U.S. WOMEN'S AMATEUR
Tennessee Native Benton Furthers Family’s Athletic Legacy
August 7, 2018 | Kingston Springs, Tenn.
By Bill Fields
Driving to the 118th U.S. Women’s Amateur Championship from Fayetteville, Ark., where she is a senior at the University of Arkansas, Kaylee Benton made a pit stop in Jackson, Tenn. Benton was born there, 110 miles west of the championship venue, but it would be a stretch to say she has a sentimental attachment to her hometown.
“I was tiny when we moved,” Benton said.
In fact, she was just 11 months old when the Benton family – father Jeff, mother Shelley and older brothers Colby and Nicklaus – left Jackson. As a retail executive, Jeff was transferred often, and the Bentons have had a number of zip codes in the South, Midwest and their current residence in the Phoenix, Ariz., suburb of Litchfield Park. Benton boasts that, at 21, she already has lived in four state capitals.
For Benton, who comfortably qualified for the Round of 64 at The Golf Club of Tennessee by shooting 68-71, her roots are deepest in Arkansas. Not only did Jeff and Shelley grow up there, Kaylee’s great-grandfather, Jim Benton, was an All-American wide receiver for the Razorbacks in 1930s after attending the same high school in Fordyce, Ark., as legendary college football coach Paul “Bear” Bryant.
A first-round draft choice, Benton was on NFL championship teams for the Chicago Bears (1943) and Cleveland Rams (1945), catching a touchdown pass in each title game. In a victory over Detroit on a cold, snowy Thanksgiving Day in 1945, Benton – a formidably sized end (6-foot-3, 200 pounds) for the era with sure hands – caught 10 Bob Waterfield passes for 303 yards, the first time any NFL receiver had more than 300 yards in a single game.
“Detroit kept two men on big Jim most of the time,” the Associated Press reported, “but he either faked them out of their T-shirts or simply picked the ball out of their clutching arms. Several catches were made with both defenders’ arms wrapped around him.”
Benton’s single-game yardage record stood for 40 years until Stephone Paige of the Kansas City Chiefs eclipsed it with 309 yards in a 1985 game, and his achievement still ranks fourth all time. Kaylee was 3 years old when Jim Benton, who coached football and ran an oil-marketing company after his playing days, died in 2001 at age 84. In his later years, he became an avid golfer.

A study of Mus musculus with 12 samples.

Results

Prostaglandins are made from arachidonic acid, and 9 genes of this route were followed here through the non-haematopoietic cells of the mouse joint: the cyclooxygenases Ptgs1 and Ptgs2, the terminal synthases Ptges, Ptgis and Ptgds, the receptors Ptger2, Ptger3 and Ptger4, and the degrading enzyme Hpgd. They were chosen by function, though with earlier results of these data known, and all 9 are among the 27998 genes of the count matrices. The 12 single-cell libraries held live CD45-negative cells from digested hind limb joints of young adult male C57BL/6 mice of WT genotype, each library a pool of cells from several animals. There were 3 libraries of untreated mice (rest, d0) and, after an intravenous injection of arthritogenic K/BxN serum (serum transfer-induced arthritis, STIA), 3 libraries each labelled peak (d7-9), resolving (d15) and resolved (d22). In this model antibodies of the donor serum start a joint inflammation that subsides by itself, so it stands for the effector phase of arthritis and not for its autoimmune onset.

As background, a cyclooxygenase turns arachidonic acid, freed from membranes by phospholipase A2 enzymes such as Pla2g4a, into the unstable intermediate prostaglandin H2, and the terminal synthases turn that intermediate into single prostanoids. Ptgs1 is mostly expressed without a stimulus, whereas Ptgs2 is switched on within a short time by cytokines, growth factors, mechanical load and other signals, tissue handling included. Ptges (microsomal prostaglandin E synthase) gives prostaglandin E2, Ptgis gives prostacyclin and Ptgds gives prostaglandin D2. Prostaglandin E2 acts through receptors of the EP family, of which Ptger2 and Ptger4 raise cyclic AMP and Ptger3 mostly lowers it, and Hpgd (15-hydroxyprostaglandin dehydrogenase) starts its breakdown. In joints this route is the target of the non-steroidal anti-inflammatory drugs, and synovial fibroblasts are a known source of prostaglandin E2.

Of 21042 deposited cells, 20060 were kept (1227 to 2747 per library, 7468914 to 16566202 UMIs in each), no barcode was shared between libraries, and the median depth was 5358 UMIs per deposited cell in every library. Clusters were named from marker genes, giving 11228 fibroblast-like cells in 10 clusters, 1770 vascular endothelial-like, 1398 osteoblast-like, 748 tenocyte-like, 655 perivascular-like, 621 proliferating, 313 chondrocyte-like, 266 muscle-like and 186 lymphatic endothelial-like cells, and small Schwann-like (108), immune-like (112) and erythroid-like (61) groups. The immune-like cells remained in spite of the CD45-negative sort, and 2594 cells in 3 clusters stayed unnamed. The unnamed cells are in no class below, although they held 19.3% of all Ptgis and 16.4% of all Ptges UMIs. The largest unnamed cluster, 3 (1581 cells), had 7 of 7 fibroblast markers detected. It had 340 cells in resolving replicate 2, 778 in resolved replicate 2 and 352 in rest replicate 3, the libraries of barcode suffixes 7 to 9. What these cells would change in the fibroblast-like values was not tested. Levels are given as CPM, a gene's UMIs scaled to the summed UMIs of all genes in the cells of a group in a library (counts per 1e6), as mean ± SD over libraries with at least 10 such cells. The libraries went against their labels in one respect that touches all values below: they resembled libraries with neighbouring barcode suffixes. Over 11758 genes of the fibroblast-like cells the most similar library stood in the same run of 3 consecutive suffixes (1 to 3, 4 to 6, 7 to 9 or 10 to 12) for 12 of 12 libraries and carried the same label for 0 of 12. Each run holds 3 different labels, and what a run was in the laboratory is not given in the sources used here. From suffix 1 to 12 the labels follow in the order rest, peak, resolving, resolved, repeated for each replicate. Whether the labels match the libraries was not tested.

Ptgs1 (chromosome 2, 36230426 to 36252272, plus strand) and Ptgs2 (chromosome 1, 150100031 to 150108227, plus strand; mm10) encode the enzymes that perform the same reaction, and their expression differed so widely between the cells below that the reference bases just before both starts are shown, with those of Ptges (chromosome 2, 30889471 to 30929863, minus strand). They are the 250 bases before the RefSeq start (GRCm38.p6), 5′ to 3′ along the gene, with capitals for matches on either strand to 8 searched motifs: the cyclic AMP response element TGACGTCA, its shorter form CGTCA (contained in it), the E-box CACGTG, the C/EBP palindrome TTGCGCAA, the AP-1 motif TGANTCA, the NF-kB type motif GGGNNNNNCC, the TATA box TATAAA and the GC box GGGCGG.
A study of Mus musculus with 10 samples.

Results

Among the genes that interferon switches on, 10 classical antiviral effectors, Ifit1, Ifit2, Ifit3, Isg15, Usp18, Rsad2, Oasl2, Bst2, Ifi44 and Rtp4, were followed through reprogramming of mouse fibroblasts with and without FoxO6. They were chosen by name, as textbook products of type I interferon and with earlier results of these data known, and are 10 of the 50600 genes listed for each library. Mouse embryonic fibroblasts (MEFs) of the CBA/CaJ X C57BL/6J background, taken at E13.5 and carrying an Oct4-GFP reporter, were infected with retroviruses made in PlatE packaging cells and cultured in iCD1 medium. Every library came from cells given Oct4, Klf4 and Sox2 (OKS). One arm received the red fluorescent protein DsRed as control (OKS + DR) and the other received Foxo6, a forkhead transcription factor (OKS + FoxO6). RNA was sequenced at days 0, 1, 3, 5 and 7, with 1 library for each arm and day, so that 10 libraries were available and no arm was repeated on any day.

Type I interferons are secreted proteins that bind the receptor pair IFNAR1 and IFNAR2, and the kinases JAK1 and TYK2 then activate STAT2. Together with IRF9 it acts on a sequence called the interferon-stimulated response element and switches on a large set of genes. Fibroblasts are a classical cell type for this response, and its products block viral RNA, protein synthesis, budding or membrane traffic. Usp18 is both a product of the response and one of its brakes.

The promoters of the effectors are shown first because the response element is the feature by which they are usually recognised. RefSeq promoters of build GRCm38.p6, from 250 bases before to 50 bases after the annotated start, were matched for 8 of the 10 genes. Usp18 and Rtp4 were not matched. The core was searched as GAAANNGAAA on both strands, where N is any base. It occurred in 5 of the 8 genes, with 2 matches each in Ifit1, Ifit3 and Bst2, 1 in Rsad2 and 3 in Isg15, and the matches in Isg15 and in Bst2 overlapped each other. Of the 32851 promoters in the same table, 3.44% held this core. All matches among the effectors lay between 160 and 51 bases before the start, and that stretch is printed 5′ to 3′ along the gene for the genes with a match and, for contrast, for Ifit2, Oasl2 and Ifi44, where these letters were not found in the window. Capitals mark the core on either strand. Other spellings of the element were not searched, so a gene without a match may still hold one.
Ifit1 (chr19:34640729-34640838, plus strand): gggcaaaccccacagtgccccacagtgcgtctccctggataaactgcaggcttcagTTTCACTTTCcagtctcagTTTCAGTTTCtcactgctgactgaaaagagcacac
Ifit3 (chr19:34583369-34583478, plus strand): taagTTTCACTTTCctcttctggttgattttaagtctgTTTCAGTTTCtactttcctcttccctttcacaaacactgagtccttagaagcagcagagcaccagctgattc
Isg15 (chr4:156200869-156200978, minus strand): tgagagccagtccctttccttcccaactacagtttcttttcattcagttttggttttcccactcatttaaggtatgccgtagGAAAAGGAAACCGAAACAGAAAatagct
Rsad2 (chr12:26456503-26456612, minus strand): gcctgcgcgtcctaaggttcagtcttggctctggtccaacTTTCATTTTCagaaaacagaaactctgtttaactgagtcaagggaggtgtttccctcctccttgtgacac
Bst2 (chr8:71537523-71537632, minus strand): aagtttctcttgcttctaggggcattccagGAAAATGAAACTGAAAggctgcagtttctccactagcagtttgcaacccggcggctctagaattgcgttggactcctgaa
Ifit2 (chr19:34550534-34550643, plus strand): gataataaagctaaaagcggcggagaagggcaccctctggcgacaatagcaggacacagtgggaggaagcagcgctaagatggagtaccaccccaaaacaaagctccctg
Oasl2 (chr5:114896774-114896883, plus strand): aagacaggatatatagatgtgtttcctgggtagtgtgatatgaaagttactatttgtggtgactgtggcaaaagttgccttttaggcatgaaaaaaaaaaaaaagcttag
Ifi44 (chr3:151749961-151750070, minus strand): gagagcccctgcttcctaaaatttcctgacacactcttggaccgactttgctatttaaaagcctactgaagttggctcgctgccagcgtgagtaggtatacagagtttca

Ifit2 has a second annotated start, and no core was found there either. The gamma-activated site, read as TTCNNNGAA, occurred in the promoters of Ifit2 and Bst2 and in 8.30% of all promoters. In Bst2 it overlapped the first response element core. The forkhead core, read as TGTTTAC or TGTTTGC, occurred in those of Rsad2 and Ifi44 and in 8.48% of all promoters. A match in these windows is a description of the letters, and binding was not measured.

“He was a really nice gentleman,” said Shelley, who is serving as Kaylee’s caddie this week. “He walked nine holes every day and played golf until he got cancer and became too weak to do it. He was very competitive.”
Kaylee doesn’t have any memories of her great-grandad but appreciates his legacy.
“Sports definitely runs in the family,” she said. “I played softball for a while. My grandfather played basketball at Ole Miss for a little bit. My brothers played in college [at Arkansas-Little Rock]. My dad is an avid golfer, very competitive. I know my great-granpa loved golf because I’ve heard a lot of stories. It’s pretty cool that I get to go to school where he went to continue the legacy.”
Shelley wasn’t a golfer when she married Jeff, a former baseball player at Central Arkansas, but soon took up the game her husband loves. “I thought I’ve got to learn how to play golf,” she said, smiling, “or I won’t see him.”
This is Kaylee’s third appearance in the U.S. Women’s Amateur – she also advanced to match play last year at San Diego Country Club – and her mother has caddied each time.
“She’s very good,” Kaylee said. “[Sometimes] I get frustrated. She’s very positive and brings me back. She knows my game pretty well, and we have a good time.”
Despite making a double bogey and bogey in her last three holes during Tuesday’s second and final round of stroke play, Kaylee was looking forward to trying to enhance the Benton family athletic legacy with a good run in the second-oldest female amateur golf competition. This past spring, she clinched the winning point for the Razorbacks as they won their first Southeastern Conference women’s golf title.
“I knew if I stayed patient that I had the game in me,” Benton said. “I had an unfortunate finish but played solid over 36 holes.”
Kaylee has a flair for the dramatic, too. She once made a hole-in-one on No. 13 at Blessings Golf Club in Fayetteville in front of LPGA Tour star Stacy Lewis, an Arkansas alum and strong supporter of the program.
“She comes to some of our practices and our tournaments., helps us out, gives us some advice,” Benton said. “Growing up, I looked up to her, so getting to meet her and talk to her on a friend basis is pretty cool.”
Just another legend to enhance the life of Kaylee Benton.
Bill Fields is a Connecticut-based freelance writer who frequently contributes to USGA websites.